HIV Prevention and Care for the Transgender Population


Download or order clinician and patient materials from CDC's Let's Stop HIV Together campaign
Delivering HIV Prevention CME/CEU
Additional Resources

Transgender women and men are at high risk for getting HIV. According to current estimatesexternal icon, about 1 in 7 (14%) transgender women have HIV, and the percentage is much higher among black or African American (44%) and Hispanic or Latina (26%) transgender women.* An estimated 3% of transgender men have HIV 1.

Expanding culturally appropriate, focused HIV testing efforts is one key step to eliminating these disparities and reducing HIV’s impact on transgender communities. Everyone with HIV benefits from getting a diagnosis as early as possible and starting treatment right away. People with HIV who take antiretroviral therapy as prescribed and stay virally suppressed can live long, healthy lives and have effectively no risk of sexually transmitting HIV to partners. For people at risk of getting HIV but who do not have the virus, testing can be the door to effective prevention options like pre-exposure prophylaxis (PrEP).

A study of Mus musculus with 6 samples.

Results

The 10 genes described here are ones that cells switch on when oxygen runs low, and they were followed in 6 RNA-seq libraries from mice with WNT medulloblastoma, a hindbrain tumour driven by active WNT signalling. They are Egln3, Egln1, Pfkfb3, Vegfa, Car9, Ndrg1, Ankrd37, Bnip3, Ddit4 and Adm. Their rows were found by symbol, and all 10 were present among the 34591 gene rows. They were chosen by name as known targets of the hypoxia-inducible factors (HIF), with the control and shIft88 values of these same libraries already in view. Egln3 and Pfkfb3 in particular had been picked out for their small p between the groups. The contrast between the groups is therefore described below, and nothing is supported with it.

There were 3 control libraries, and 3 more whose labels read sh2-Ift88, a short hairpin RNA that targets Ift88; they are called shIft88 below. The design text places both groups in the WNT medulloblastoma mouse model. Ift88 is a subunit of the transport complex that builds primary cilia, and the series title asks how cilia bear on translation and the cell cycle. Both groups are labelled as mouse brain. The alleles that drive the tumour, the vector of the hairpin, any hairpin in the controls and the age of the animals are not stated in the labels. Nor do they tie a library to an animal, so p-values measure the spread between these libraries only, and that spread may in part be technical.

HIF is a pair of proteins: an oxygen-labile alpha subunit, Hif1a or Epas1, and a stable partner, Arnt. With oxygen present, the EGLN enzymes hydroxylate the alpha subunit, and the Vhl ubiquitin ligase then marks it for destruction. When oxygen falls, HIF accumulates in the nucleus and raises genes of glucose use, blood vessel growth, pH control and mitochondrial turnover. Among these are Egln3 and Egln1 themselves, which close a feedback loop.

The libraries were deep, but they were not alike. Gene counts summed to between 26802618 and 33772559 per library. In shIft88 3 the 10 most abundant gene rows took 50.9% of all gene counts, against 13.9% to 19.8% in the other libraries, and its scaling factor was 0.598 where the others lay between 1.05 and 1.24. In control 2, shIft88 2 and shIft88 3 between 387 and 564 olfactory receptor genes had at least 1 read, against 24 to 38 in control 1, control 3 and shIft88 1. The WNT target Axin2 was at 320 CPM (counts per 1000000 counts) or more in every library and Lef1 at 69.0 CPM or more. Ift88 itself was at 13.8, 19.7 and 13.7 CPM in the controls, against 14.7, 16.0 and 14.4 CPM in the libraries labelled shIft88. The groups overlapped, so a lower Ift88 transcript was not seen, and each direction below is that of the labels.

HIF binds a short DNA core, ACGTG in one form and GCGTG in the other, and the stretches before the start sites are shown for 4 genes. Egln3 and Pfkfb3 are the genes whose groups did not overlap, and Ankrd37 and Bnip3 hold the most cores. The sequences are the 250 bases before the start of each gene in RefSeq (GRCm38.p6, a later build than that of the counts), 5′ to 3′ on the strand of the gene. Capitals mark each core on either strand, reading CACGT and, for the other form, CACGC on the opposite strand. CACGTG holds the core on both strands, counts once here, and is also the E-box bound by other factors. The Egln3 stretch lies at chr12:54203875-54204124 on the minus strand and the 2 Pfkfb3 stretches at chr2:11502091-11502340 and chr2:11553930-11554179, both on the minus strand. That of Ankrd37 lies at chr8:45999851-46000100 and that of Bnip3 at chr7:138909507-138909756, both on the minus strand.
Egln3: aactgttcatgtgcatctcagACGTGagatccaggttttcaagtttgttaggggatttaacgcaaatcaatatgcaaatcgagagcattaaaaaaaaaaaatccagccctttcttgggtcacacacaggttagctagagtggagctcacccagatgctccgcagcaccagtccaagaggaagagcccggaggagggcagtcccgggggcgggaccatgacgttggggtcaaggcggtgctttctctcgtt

Many transgender people face obstacles that make it harder to access HIV services—such as stigma and discrimination, inadequate employment or housing, and limited access to welcoming, supportive health care. Addressing these barriers is essential to the health and well-being of transgender people.

The Centers for Disease Control and Prevention (CDC) is committed to working with health care providers to make sure all transgender people can get the tools they need to prevent HIV and stay healthy if they have HIV. Transforming Health gives providers tools for delivering patient-centered HIV care for all transgender patients.

*Estimates for transgender women overall and transgender men include laboratory-confirmed infections only. Estimates by race/ethnicity include laboratory-confirmed and self-reported infections.

  1. Becasen JS, Denard CL, Mullins MM, Higa DH, Sipe TA; Estimating the Prevalence of HIV and Sexual Behaviors Among the US Transgender Population: A Systematic Review and Meta-Analysis, 2006-2017external icon. Am J Public Health. 2018 Nov 29:e1-e8. doi: 10.2105/AJPH.2018.304727.